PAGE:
ILA | University President, Activist Scolds, Try to Take “Come and Take It” Battle Cry


Eighmy’s statement noted that USTA Athletics’ history with the phrase dates back to the adoption of its Division 1 football program in 2011. A department staff member suggested the slogan’s unique ties to the history of the local area would make it, as Eighmy explained, “an inspirational call for our fans and a direct challenge to our opponents.” The slogan then gained a following among UTSA fans and was formally adopted by the Athletic Department in 2016. Home football games at UTSA featured the unfurling of a huge “Come and take it” banner in the student section during the 4th Quarter, accompanied by the firing of a cannon.

The origins of the phrase “Come and take it” date back to at least 480 B.C. and the Battle of Thermopylae, when a Greek force led by King Leonidas I of Sparta used it as a retort to the demand of an exponentially larger force of invading Persians for surrender.

It also saw use in the American Revolutionary War, when Col. John McIntosh, commander of Fort Morris in Sundbury, Ga., used it in response to the demand of a larger British force to surrender the fort.

As concerns the UTSA situation, however, the phrase’s most significant tie is to the Texas Revolution. In 1831, the Texas colony of Gonzales had received a cannon from Mexican authorities to use for defending the colony against hostile Indians. Later, however, as sentiment in Gonzales began to turn against the Mexican government, the authorities demanded the return of the cannon and eventually sent a detachment of soldiers to retrieve it. The colonists refused and displayed a flag with an image of a canon and the phrase “Come and take it.” A skirmish ensued, during which the canon was fired at a Mexican military encampment. The Mexican troops would go on to withdraw, handing the Texians a victory in the first battle of the Texas Revolution.

Images of the “Come and take it” flag have since become synonymous with standing up to overbearing authority in a variety of contexts. It is, of course, especially popular among defenders of the Second Amendment. But its use is not limited to any particular political outlook or cause, and Eighmy admitted as much in his statement.

But, wrote Eighmy, because some of the organizations that have used it “have values and agendas that differ significantly from ours,” its use “has increasingly become incongruent with UTSA Athletics and our institution’s mission and core values.”

This is a ridiculous and unconvincing copout, as similar things could be said about virtually any common symbol, image, or phrase, including the American flag itself (which, granted, has seen plenty of disfavor of its own on college campuses).

Local media reports mentioned as an impetus for the new policy a petition started by a former UTSA professor who claimed the phrase is “steeped in racist ideology and racist history.” That petition, which garnered some 960 supporters, suggested that the phrase’s reference to the Battle of Gonzales “embodies both anti-Mexican and pro-slavery sentiments.” Given that, it’s difficult to see how the professor wouldn’t also object to the battle’s outcome or to Texas’s success in gaining independence from Mexico. This is rather ironic, to say the least, for an employee of a university that owes its existence to the State of Texas.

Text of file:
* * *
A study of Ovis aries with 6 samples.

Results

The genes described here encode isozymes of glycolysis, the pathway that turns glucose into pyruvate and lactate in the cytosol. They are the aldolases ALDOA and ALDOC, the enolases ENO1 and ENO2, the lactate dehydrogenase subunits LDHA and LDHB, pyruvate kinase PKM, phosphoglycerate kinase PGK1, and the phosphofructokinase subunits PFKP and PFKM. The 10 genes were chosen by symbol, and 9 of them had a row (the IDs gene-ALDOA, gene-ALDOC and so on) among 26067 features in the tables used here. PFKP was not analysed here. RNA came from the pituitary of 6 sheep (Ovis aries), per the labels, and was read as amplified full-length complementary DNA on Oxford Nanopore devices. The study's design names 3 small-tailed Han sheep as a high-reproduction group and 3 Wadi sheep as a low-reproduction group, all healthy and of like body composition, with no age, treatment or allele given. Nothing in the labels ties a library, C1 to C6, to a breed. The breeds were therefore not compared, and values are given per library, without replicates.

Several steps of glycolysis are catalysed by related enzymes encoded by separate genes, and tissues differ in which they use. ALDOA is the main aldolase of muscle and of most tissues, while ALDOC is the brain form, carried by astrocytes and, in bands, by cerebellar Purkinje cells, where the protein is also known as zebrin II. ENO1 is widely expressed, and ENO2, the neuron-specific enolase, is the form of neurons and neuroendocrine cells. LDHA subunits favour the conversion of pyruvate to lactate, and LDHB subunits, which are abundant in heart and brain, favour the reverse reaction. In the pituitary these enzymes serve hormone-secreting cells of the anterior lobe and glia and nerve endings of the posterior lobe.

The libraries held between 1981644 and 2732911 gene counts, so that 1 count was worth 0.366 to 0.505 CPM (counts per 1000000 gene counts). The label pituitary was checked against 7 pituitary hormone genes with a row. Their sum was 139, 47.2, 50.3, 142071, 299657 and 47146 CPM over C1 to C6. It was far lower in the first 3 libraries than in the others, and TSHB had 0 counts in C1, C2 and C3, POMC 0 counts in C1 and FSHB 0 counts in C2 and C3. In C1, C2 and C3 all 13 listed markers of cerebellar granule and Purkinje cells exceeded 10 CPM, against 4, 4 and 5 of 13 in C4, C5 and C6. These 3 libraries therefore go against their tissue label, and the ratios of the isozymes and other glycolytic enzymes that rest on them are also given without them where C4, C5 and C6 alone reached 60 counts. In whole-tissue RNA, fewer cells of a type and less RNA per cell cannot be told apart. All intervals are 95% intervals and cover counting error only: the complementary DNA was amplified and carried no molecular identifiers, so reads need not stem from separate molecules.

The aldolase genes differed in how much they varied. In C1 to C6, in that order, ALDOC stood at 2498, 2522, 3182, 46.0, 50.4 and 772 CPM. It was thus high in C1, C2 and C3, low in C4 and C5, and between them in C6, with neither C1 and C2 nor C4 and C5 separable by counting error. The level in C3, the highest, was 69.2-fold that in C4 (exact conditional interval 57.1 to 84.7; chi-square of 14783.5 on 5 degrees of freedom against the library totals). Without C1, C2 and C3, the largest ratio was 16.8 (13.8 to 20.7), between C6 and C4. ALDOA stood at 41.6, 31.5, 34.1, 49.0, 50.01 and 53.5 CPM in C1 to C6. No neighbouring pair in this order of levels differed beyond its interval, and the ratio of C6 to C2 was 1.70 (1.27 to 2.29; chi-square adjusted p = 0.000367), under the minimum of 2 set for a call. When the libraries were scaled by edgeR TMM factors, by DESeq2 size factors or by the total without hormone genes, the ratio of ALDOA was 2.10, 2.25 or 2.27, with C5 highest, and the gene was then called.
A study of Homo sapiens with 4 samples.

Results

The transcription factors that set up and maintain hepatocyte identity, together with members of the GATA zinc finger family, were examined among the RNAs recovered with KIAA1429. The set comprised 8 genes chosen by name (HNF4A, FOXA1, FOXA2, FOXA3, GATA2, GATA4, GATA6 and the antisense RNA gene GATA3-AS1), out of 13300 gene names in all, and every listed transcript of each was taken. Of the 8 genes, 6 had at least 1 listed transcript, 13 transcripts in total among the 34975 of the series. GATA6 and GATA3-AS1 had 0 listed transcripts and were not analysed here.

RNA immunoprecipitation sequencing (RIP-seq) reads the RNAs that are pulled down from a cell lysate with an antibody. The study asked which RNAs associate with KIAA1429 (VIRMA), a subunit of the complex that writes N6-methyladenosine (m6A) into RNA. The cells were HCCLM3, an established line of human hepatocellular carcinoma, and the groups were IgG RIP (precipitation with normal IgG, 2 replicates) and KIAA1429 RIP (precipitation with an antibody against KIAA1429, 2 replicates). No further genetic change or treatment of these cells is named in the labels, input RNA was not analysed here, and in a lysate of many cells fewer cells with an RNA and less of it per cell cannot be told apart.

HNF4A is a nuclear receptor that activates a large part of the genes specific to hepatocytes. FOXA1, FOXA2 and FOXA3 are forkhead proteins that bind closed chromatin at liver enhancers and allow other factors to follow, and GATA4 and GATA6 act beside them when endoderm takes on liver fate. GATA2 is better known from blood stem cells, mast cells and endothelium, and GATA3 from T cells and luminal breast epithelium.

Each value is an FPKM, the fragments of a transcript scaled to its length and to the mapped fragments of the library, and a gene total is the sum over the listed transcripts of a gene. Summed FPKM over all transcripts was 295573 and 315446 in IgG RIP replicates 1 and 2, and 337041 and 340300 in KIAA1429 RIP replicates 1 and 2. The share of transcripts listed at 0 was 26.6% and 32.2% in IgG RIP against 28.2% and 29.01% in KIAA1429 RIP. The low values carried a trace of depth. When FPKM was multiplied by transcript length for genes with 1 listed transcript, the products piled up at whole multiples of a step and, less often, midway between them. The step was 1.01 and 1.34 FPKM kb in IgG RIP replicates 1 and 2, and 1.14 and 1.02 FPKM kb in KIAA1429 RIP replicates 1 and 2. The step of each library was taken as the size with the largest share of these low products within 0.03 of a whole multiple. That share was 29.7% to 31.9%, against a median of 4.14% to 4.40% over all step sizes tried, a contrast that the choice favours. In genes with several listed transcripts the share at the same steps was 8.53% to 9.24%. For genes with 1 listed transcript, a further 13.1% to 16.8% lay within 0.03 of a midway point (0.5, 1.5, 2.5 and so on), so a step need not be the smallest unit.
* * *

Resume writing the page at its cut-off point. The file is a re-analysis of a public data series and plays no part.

Unfortunately, there is no shortage of petitions on demanding the removal of symbolism associated with American history, including statues of George Washington, Thomas Jefferson, and Teddy Roosevelt. These petitions, like the one filed against the UTSA slogan, typically mention purported associations with slavery, racism, and other forms of oppression. As the New York Times reported this year (in connection with Independence Day, no less) even the U.S. flag itself, “once a unifying symbol — there is a star on it for each state, after all — is now alienating to some, its stripes now fault lines between people  … .”

All-too-predictable is the apparently anti-democratic nature of the UTSA decision, with another petition on to keep the flag and rallying cry officially recognized by the university garnering nearly 4,000 supporters as of last week.

This naturally raises the question of how much deference government institutions owe to those few who resent certain aspects of U.S. or state history so much that they are unable to recognize the larger picture of how the United States of America has been a driver of human freedom and progress. Indeed, the very ability to so openly and vehemently voice these aggrieved views is itself largely a product of the historical events and individuals they now condemn. It should go without saying that if the source of dissatisfaction with a state-adopted symbol is the formation of the state itself, then officials on the state payroll shouldn’t feel the need to be especially accommodating to the complaint.

We suspect, at any rate, that the now retired professor who started the petition is not so outraged with the history of Texas as to be unwilling to accept a generous pension from the state treasury.

Whether the follow-up petition, as well as the expressed unhappiness of the UT Board of Regents over the decision, will have any effect on the UTSA policy remains to be seen.

In the meantime, students at UTSA should remember that even if the university officially abandons the “Come and take it” slogan, its use by private parties – including on campus and at school-sponsored events – is still First Amendment protected speech.

Because whether petty tyrants like it or not, the U.S. Constitution is still the supreme law of the land.

And while the powers that be would undoubtedly come for it if they could, your NRA and the patriots who cherish our fundamental rights are ever vigilant to see that they can’t.